Wednesday, February 12, 2014

The Chicago Dining World Tour: Even Without the Chicken, Chicago's Provides Good-for-the-Soul Food

Chicago's Home of Chicken & Waffles
Soul Food
2424 W. Dempster, Evanston
(locations also in Chicago and Oak Park)

What I ate: Fried Catfish, Waffle

Soul Food might not seem quite parallel with the international ethnic cuisines I've sampled as part of my Chicago Dining World Tour, but I felt its cultural flavors were among those I should explore.

Actually re-explore, as while living in L.A.'s San Fernando Valley in the early 90s, I went several times to a small soul food restaurant that I believe was on Sepulveda south of Ventura Blvd. in Sherman Oaks. (Anyone out there remember it?)

I know I had macaroni, cornbread and probably rib tips, and think I also tried collard greens and grits.

Though I have regularly enjoyed barbecue--and for that matter, macaroni and cornbread--I don't know that I've since frequented any other soul food restaurants, at least not identified as such. Although Dixie Kitchen, whose Evanston location I love and featured as my Cajun "Sethnic" entry, likely has many menu similarities.

But when I searched for Soul Food on Yelp, anywhere in the vicinity of my Skokie home, the top and most acutely relevant listing, was for Chicago's Home of Chicken and Waffles.

They have three Chicagoland locations, in Bronzeville, Oak Park and the newest being on Dempster just east of McCormick in Evanston, about 10 minutes from where I live.

My mom and I went there one evening and were instantly impressed by how beautifully appointed the restaurant is; though the vibe was casual, the decor could easily be that of an upscale steakhouse.

And just in terms of semantics, based on the menu logo and other signage, it seems that the restaurant's name may more properly be conveyed as CHICAGO'S -- Home of Chicken and Waffles.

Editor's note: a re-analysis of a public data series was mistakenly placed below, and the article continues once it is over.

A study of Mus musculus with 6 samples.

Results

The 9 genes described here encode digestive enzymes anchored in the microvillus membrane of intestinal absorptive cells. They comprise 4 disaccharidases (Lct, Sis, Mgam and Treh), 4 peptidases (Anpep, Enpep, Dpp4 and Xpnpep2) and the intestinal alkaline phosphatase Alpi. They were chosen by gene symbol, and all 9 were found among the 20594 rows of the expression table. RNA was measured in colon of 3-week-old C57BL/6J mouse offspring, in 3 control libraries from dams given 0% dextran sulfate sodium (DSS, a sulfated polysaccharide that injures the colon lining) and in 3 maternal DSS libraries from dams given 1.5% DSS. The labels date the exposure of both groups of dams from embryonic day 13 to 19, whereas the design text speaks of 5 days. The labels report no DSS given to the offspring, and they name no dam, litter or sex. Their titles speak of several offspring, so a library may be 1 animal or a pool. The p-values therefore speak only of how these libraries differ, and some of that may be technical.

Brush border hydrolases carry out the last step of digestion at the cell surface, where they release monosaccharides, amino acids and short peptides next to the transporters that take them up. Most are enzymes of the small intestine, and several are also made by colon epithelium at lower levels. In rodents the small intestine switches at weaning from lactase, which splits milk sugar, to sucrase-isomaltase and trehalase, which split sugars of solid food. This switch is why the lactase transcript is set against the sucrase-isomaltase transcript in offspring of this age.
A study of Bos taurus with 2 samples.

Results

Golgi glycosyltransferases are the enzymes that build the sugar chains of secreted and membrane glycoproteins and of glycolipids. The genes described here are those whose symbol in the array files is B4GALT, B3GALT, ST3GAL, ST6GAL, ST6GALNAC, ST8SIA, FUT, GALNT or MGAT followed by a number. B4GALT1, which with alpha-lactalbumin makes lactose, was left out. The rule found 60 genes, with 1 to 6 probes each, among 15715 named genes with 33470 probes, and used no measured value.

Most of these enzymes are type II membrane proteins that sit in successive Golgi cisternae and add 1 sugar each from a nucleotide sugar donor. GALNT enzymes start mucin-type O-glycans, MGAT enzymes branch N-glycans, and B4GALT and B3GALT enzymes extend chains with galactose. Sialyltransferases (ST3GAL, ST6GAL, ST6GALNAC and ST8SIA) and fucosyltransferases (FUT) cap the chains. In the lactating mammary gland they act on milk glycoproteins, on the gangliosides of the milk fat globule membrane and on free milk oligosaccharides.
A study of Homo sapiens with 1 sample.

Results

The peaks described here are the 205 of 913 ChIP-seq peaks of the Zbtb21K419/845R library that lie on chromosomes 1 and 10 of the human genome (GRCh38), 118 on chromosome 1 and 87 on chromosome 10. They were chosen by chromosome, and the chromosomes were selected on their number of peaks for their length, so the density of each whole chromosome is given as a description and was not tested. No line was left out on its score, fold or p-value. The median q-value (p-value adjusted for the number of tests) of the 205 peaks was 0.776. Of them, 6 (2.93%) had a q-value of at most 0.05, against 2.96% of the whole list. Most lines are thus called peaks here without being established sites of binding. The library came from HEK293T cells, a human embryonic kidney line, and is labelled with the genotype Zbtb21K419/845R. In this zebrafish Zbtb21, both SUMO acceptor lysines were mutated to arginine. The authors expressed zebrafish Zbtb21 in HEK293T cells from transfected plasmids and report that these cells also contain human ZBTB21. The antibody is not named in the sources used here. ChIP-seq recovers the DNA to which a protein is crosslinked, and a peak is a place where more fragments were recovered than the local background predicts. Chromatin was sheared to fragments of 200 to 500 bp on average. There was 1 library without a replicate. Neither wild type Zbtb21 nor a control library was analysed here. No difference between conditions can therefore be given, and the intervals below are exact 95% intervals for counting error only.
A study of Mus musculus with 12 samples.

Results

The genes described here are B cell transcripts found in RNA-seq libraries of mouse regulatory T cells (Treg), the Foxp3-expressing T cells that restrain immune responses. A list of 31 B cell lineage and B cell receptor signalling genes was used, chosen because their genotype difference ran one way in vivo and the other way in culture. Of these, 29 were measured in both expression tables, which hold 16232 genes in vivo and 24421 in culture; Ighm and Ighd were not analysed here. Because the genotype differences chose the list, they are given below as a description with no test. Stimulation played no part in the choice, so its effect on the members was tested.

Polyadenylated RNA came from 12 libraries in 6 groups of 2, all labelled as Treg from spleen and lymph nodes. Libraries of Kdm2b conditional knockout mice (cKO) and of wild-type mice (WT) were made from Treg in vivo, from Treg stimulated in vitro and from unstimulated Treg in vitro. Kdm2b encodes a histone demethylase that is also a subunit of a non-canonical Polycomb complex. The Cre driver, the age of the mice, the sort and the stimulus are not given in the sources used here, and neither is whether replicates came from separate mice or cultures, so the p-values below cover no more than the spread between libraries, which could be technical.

Prior to going, I was not aware of the connection between chicken and waffles, nor why they would be featured on the menu of a soul food restaurant. But in telling an African-American colleague about my dinner, she said she'd heard the culinary curiosity came from the frequent late night (or early morning) food cravings of blues and jazz musicians, some whom desired "dinner food" (e.g. chicken), some who preferred breakfast (waffles) and others who would opt for both at the same time.

Sounds logical.

And yet, at about 7:30pm, my mom, who has never played a note of blues or jazz in her life, enjoyed her combination of fried chicken and a waffle, labeled Monique's Love. (The chicken breast could have instead been accompanied by potato salad or french fries.)

I love waffles but am allergic to poultry, so no chicken for me. But accompanying my waffle with another soul food staple, I ordered The Darnell, which provided two pieces of fried catfish alongside.

I should note that I could have opted for the catfish grilled, with fries or potato salad in lieu of the waffle. I would have liked to sample Chicago's grits, collard greens, yams and other sides that were available with their Dinners and Soul Food Special Combos, but neither of these groupings include a waffle option.

Yet what I had was delicious...and plentiful. I even brought one of the pieces of catfish home for a second meal, along with a quadrant of my mom's waffle.

So no need for peach cobbler, sweet potato pie or any other of the enticing desserts, which also include a fried waffle.

Chicago's Home of Chicken and Waffles--at least the one in Evanston--is considerably more plush than the soul food place I recall in Sherman Oaks, CA, if not as homespun. That one doesn't seem to exist anymore, but now I have good memories of a place much closer to my current home.

And especially with live jazz on Thursday, Friday and Saturday nights, I'll make a "note" of going back to Chicago's.